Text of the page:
The set is also well connected for a TV with a built-in DVD player, including as it does, three HDMIs, all built to the v1.3 standard, a PC input, and a digital audio output. We were initially also chuffed to spot a USB port, but on closer inspection this turns out to be for Service use only, rather than a portal for viewing our digital photos. Darn.
Casting our net for other features uncovers 1080p/24 compatibility and the ability of the DVD player to play DiVX discs. There are also a series of thematic video presets including a dedicated game mode, and a surprising number (given the TV’s price) of really subtle bits and bobs such as contrast and colour boosters, gamma adjustment, and a black level booster. In fact, the TV can even be calibrated by an Imaging Science Foundation engineer to suit your room’s day and night conditions.
The only unexpected absentee from the features list is LG’s XD Engine video processing system – something that we’ve previously come to expect as pretty much a fixture of all LG TVs.
The good news is that we didn’t find ourselves missing the XD Engine as much as we might have expected. In fact, in some ways we arguably found the set’s pictures more natural without it, especially with standard definition sources, as they tend to look slightly less noisy and gritty on the 32LG4000 than they can on some XD Engine models.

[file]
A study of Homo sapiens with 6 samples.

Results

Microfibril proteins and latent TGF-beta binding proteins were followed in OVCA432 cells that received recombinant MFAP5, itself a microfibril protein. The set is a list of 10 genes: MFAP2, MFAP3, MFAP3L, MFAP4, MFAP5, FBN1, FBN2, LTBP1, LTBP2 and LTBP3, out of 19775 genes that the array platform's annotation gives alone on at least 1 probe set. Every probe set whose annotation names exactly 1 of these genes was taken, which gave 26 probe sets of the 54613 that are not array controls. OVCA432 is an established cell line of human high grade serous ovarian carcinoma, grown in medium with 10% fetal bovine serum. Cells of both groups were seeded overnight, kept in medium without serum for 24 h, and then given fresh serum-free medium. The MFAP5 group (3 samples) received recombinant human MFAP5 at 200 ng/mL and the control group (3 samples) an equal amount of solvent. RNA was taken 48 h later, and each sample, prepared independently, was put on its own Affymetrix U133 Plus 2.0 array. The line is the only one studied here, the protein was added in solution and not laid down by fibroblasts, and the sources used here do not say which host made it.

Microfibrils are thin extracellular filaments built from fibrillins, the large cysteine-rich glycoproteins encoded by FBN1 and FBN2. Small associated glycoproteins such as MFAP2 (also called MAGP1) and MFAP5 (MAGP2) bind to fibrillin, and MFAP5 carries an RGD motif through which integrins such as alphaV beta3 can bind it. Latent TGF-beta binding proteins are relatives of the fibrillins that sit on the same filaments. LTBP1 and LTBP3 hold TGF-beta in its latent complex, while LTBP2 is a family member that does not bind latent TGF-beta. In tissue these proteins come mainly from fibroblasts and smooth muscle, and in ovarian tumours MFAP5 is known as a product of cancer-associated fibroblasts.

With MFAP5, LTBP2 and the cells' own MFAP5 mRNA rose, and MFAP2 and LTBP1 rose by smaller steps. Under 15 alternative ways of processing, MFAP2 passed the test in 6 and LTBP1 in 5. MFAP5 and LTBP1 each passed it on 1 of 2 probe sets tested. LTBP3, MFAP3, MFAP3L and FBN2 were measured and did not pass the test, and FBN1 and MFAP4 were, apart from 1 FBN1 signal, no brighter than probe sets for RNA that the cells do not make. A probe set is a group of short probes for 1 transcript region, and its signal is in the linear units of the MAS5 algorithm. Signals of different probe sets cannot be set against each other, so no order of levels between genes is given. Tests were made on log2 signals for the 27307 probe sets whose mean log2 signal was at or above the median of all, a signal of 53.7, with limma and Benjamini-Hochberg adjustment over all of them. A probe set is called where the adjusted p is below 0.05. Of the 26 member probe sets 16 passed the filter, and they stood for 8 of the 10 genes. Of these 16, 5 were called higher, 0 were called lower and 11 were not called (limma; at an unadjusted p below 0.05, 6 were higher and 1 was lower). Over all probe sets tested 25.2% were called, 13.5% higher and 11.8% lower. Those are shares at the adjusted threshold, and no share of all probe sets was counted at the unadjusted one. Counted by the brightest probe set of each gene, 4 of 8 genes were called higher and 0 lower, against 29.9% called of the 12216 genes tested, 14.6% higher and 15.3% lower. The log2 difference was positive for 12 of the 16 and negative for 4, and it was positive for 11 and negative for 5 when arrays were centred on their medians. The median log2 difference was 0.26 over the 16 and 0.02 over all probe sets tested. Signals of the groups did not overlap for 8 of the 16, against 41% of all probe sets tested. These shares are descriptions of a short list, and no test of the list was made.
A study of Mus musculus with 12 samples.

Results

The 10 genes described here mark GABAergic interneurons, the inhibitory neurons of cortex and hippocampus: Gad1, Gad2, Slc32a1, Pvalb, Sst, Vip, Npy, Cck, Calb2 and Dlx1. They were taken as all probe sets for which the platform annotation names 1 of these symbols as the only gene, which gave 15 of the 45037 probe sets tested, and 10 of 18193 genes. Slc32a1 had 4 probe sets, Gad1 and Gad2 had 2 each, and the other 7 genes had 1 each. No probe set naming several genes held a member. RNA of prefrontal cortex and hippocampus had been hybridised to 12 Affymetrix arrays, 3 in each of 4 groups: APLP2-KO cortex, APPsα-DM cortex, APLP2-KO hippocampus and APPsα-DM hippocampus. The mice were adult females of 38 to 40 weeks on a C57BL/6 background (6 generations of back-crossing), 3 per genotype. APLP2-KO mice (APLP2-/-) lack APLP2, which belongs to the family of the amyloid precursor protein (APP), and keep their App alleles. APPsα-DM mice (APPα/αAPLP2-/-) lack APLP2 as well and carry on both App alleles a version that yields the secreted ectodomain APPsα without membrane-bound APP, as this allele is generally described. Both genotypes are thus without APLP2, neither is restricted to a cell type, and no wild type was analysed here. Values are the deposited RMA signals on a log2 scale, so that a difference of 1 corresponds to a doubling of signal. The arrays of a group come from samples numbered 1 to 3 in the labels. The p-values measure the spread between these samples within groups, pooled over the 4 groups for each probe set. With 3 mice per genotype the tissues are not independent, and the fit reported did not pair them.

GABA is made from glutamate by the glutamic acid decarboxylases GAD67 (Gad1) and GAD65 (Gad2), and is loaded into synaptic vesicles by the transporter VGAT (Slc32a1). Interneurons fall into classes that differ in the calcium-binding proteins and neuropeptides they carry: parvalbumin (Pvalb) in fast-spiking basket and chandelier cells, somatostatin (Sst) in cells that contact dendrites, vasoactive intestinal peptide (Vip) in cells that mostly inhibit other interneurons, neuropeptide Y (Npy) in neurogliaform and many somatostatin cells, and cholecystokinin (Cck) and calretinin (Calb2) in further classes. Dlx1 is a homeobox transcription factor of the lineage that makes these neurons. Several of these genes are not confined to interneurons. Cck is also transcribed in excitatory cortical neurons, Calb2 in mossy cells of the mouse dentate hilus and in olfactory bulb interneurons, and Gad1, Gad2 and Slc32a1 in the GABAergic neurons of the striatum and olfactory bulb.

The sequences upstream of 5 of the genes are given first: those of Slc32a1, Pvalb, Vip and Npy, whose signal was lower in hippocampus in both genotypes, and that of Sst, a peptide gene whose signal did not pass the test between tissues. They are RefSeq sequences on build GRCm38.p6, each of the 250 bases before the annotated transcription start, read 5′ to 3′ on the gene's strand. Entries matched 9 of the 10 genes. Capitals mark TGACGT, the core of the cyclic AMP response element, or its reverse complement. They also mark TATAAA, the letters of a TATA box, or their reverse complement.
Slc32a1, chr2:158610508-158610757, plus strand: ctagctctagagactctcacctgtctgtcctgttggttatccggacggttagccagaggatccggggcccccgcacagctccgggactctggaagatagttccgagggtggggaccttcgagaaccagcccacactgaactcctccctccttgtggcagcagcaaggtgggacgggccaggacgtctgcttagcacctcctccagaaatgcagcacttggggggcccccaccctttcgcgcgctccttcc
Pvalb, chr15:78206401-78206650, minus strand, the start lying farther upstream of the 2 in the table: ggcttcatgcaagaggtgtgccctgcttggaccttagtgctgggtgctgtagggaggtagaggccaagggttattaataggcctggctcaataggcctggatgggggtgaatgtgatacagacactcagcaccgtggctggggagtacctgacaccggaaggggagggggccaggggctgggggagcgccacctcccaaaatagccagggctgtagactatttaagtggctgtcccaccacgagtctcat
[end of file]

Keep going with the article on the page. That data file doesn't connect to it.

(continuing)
More unexpectedly, the 32LG4000 doesn’t seem to blur motion as overtly as we found with LG’s XD Engine-equipped 32LG5000 set not too long ago. The problem is still certainly noticeable, especially with standard definition fare, but it seems generally slightly easier to live with. It’s worth noting, too, that the lack of heavy processing on the TV leaves it free of the edge glitching and shimmering problems that can afflict some more processing-heavy sets during camera pans.
On the downside, pictures aren’t as detailed or crisp as we’ve found with XD Engine sets, especially where standard definition is concerned. But overall there are times, at least, where I actually preferred the 32LG4000’s softer but more natural approach.
The 32LG4000 also scores points for its brightness, and the extreme saturations of its colours. In fact, some bold reds and blues look just about as vibrant as I’ve seen them on any 32in LCD TV, never mind one as cheap as the 32LG4000.
HD images also look likeably crisp even though there’s no XD Engine to help out, and the set is having to downscale the UK’s 1080-line HD sources to its native 1,366 x 768 pixel count. Admittedly, we’ve seen Full HD sets deliver even more HD sharpness – especially those with 100Hz processors – but we’ve also seen full HD sets look softer with HD, too.